Daimler recalls 3 million diesel cars in Europe
22 July, 2017
German automaker Daimler announced it is to recall millions of Mercedes-Benz diesel vehicles. The move comes as German authorities investigate the firm for allegedly cheating on emissions tests, news wires reported. Daimler is to invest some €220m into the recall, which would be free for car owners, the company said.
The automaker is seeking to improve its emissions performance in the wake of a public debate over the future of diesel. The voluntary recall covers almost all of the diesel vehicles made under EU5 and EU6 emission standards, or some 3 million Mercedes-Benz cars across Europe. “We are convinced that diesel engines will continue to be a fixed element of the drive-system mix, not least due to their low CO2 emissions,” CEO Dieter Zetsche said. “The public debate about diesel engines is creating uncertainty, especially for our customers. We have therefore decided on additional measures to strengthen confidence in diesel technology,” he added.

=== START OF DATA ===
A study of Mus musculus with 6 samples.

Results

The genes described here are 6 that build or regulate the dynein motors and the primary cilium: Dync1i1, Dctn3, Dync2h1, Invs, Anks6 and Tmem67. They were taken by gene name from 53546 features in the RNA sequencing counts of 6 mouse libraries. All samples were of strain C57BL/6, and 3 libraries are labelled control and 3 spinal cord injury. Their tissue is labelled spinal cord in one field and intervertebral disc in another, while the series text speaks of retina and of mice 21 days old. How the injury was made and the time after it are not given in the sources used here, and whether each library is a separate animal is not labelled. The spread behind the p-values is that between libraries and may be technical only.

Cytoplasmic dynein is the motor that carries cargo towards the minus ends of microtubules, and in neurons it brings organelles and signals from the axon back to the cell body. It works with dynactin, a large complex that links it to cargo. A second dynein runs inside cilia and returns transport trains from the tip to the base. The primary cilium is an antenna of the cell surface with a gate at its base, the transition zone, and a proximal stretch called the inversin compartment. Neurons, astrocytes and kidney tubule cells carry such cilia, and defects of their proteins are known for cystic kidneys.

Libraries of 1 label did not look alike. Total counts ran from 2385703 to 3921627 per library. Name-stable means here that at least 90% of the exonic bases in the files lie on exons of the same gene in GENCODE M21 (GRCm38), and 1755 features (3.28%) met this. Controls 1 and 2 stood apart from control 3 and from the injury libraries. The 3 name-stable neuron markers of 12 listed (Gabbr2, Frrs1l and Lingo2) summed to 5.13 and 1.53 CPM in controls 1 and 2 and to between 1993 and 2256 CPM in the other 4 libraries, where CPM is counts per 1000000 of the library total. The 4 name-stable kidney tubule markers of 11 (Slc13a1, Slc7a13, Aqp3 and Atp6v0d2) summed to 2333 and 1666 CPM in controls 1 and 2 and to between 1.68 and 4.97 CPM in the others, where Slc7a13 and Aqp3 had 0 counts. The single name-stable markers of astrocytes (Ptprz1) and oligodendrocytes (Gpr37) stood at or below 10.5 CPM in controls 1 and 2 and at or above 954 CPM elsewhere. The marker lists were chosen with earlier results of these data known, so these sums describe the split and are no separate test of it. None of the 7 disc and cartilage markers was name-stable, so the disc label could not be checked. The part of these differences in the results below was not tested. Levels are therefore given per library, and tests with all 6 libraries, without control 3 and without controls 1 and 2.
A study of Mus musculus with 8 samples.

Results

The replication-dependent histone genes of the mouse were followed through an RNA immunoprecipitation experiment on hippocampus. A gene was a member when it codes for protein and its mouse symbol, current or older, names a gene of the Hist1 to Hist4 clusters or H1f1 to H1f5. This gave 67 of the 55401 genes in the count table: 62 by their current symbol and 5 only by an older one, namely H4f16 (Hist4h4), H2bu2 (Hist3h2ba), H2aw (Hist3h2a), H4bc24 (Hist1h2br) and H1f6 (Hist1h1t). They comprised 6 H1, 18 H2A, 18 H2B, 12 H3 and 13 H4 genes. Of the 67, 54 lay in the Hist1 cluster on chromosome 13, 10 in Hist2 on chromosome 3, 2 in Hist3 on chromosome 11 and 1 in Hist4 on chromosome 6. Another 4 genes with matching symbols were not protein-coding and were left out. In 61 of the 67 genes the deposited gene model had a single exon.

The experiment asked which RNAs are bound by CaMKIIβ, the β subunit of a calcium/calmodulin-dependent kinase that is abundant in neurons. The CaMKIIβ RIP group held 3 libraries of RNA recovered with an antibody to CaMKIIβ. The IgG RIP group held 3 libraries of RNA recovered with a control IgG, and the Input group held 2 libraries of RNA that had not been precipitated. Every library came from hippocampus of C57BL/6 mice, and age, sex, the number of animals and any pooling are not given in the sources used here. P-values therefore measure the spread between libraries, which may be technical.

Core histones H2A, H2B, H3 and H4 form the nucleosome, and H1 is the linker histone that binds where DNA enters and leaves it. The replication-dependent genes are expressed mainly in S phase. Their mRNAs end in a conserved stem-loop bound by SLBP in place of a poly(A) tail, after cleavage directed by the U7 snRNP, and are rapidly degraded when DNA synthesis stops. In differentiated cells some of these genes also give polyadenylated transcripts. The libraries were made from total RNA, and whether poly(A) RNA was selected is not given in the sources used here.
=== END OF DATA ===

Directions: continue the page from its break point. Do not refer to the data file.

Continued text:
The move also comes as regulators and criminal investigators on both sides of the Atlantic are scrutinising Mercedes-Benz on suspicion that some of its diesel vehicles used illegal defeat devices, an allegation raised by environmental groups that Daimler has repeatedly denied. In Germany, public concern about diesel bans has led to a sharp drop in diesel sales and forced Chancellor Angela Merkel's government to create a round table to encourage the auto industry to adopt voluntary measures to curb diesel pollution and prevent cities from banning diesel vehicles.